Seeing the Woods

A blog by the Rachel Carson Center for Environment and Society

Worldview: Earthquakes in Munich?


If you followed the news over the weekend, you will have seen that several serious earthquakes occurred over the past few days. The Kumamoto Prefecture on the island of Kyushu in Japan was hit by a magnitude 7.0 earthquake on Saturday morning (local time). On Thursday the region had already suffered a series of foreshocks, including magnitude 6.0 and 6.2 earthquakes. The death toll is still rising—at the time of this publication, over 40 people have been reported dead, and aftershocks are still occurring.


On Saturday night (local time) the central coast of Ecuador was hit by a magnitude 7.8 earthquake and a tsunami warning was issued for the Pacific. Several aftershocks occurred as well and at least 235 people lost their lives. Both Ecuador and Japan are located on the so-called Ring of Fire, which is not really a full ring, but a 40,000 kilometer-long horseshoe around the Pacific, which includes 75 percent of all active volcanoes. Around 90 percent of all earthquakes occur along the Ring of Fire.


So when you think of countries prone to earthquakes, Germany probably does not come to mind. It is not located on the Pacific Ring of Fire, but in contrast to what’s commonly assumed, Germany is not an aseismic country—meaning earthquakes do in fact occur here. Below is a map of Germany, showing the regions in which earthquakes can occur:


As you can see from the map, earthquakes have occurred in the Upper Rhine Graben and the Cologne Bight, as well as in the neighboring countries of Switzerland (around Lake Constance), Belgium, Luxembourg, and the Netherlands. Another seismically active zone is the Vogtland in the east of Germany, around Gera and Leipzig. The most active zone is the Upper Rhine Graben, where earthquakes of up to magnitude 7.0 are theoretically possible, according to seismologists. The strongest recorded earthquakes to have affected Germany took place in 1356 in Basel, Switzerland, with a magnitude of 6.2 to 6.9, and in Düren, which is located between Cologne and Aachen, in 1756, with a magnitude of 6.4. The earthquake in Basel reached a death toll of 100 to 2000 people—depending on the historical source—and affected the German territories due to its proximity. The earthquake in Düren took two lives.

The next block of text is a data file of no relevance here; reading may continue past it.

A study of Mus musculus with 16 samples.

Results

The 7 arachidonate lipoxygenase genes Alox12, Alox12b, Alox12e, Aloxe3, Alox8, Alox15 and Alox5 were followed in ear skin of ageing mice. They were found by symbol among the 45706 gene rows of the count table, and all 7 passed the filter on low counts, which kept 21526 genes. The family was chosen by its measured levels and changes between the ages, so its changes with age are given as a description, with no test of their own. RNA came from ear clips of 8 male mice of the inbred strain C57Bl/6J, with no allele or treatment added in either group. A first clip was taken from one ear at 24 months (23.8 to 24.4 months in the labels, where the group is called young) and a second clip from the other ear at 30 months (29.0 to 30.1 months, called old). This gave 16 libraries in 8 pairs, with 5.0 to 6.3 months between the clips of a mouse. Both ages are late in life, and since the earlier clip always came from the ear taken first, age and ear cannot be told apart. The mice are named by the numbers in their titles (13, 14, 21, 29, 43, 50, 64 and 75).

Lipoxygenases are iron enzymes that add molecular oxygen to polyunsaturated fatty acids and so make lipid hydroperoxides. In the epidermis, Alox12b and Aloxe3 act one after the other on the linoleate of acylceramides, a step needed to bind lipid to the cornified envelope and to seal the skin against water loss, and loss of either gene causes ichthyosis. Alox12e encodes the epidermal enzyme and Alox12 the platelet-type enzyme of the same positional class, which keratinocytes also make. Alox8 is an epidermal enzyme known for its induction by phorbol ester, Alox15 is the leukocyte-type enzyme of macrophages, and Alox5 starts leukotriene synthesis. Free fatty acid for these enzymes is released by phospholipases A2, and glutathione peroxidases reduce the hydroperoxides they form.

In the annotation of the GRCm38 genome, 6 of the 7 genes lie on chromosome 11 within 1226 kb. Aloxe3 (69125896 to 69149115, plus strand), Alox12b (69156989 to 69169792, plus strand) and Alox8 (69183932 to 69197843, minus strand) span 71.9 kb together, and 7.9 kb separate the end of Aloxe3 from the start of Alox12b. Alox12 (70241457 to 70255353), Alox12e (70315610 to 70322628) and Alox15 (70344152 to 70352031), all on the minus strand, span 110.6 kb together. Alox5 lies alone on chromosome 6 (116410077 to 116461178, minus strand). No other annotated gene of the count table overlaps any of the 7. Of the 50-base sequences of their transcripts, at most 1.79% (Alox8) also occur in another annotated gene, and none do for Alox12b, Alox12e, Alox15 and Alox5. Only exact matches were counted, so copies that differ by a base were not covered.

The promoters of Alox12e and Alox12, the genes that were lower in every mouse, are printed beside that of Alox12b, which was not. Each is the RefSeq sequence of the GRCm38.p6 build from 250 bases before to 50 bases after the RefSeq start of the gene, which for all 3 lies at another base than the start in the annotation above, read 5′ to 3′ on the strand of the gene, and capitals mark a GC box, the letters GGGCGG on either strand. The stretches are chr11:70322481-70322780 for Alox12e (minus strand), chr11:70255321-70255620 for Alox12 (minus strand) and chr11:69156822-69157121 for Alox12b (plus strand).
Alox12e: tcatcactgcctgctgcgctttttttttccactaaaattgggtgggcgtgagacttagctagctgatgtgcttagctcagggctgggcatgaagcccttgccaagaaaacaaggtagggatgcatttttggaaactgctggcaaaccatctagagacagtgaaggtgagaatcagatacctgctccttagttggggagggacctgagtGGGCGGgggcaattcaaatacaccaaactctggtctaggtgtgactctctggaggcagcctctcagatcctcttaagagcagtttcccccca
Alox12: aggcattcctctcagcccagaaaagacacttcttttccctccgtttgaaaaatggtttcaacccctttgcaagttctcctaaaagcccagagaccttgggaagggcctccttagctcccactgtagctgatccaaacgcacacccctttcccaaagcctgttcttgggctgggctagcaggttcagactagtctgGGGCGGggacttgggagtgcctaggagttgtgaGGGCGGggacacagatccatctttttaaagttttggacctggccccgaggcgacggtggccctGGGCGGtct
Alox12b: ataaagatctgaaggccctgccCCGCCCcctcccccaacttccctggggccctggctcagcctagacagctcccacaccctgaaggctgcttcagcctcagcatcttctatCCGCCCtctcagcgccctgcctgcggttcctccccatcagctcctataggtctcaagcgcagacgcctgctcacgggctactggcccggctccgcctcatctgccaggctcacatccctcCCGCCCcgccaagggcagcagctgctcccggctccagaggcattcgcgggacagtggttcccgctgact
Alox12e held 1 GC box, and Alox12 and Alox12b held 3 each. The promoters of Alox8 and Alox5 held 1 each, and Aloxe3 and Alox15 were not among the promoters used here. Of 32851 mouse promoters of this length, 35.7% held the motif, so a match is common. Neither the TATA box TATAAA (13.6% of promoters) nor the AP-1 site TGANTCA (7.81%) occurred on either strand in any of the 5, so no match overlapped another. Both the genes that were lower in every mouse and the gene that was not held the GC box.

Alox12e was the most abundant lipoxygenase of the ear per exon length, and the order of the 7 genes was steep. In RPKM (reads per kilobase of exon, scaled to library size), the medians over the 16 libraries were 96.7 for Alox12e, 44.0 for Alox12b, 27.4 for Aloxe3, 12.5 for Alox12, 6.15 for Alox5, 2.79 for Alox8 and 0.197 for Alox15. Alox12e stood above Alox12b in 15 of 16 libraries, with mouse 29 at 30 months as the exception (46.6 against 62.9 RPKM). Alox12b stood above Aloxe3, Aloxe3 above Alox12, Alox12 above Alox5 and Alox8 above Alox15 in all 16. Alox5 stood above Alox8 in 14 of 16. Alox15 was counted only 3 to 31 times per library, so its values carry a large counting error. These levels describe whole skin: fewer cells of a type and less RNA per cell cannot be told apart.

So, fortunately, in most parts of Germany you will never actually feel a strong earthquake. In Munich, however, you do have the opportunity to experience six different examples of earthquakes all within a high-tech, safe environment. The Museum Mensch und Natur in Schloss Nymphenburg now hosts an earthquake simulator. On 3 February 2016, a group from the RCC visited the Museum Mensch und Natur. The trip was organized by LMU geology professor, Anke Friedrich. We were given an introductory tour by the museum’s director, Michael Apel. The earthquake simulator looks like a simple container from the outside. It is located outside the museum—this is for reasons of monument preservation, as the simulator could potentially harm the structural integrity of the building. The simulator imitates earthquakes from Japan, Napa County in California, Italy, the Czech Republic, and Chile. While you are in the simulator you can feel the shaking of the different earthquakes while simultaneously watching a twenty-minute video about the history of plate tectonics. You then see original footage from shops and offices (recorded by surveillance cameras) during the appropriate simulation. The simulator only allows movements from left to right, back to front, and vice versa, but not upward and downward. But trust me, it’s enough to make you feel uneasy.


Japan is an example of a country that is already applying simulators and similar technology to prepare people for earthquakes: in Tokyo there is a facility called The Toykio Rinkai Disaster Prevention Park which houses emergency response facilities as well as simulators, to provide training in self-help and mutual assistance, to survive the first 72 hours after a disaster when rescue operations are difficult. Japan has recently been hit by several very strong earthquakes. In the aftermath of the Great Hanshin earthquake in Kobe in 1995—a magnitude 6.9 earthquake—an Earthquake-Defense (“E-Defense”) simulator was developed and it currently stands as the world’s largest earthquake platform simulator: so Japan not only has an earthquake simulator for people, but also to test the structural safety of buildings during earthquake simulations of up to magnitude 7.0. The greater loss of life in the recent earthquake in Ecuador resulted from the fact that the earthquake there was six times stronger than the one in Japan, but also because the regulations in Ecuador for earthquake resistant building are not as strict as those in Japan.

In Germany, stronger earthquakes (of magnitude 5.5 to 6.0) are rare and occur roughly only every 200 years. In Switzerland there are about 80 years between big earthquakes. That time interval is too great for most of the population to experience a high magnitude earthquake and to be appropriately prepared for the next “big one.” Therefore, an earthquake simulator could prove a great way of preparing the population and giving people the opportunity to experience what it feels like when an earthquake actually occurs. In 2019, the Museum Mensch und Natur will be closed for renovation and expansion until 2021/22. So visit the museum, and the earthquake simulator, in the near future in order to have a chance to experience it.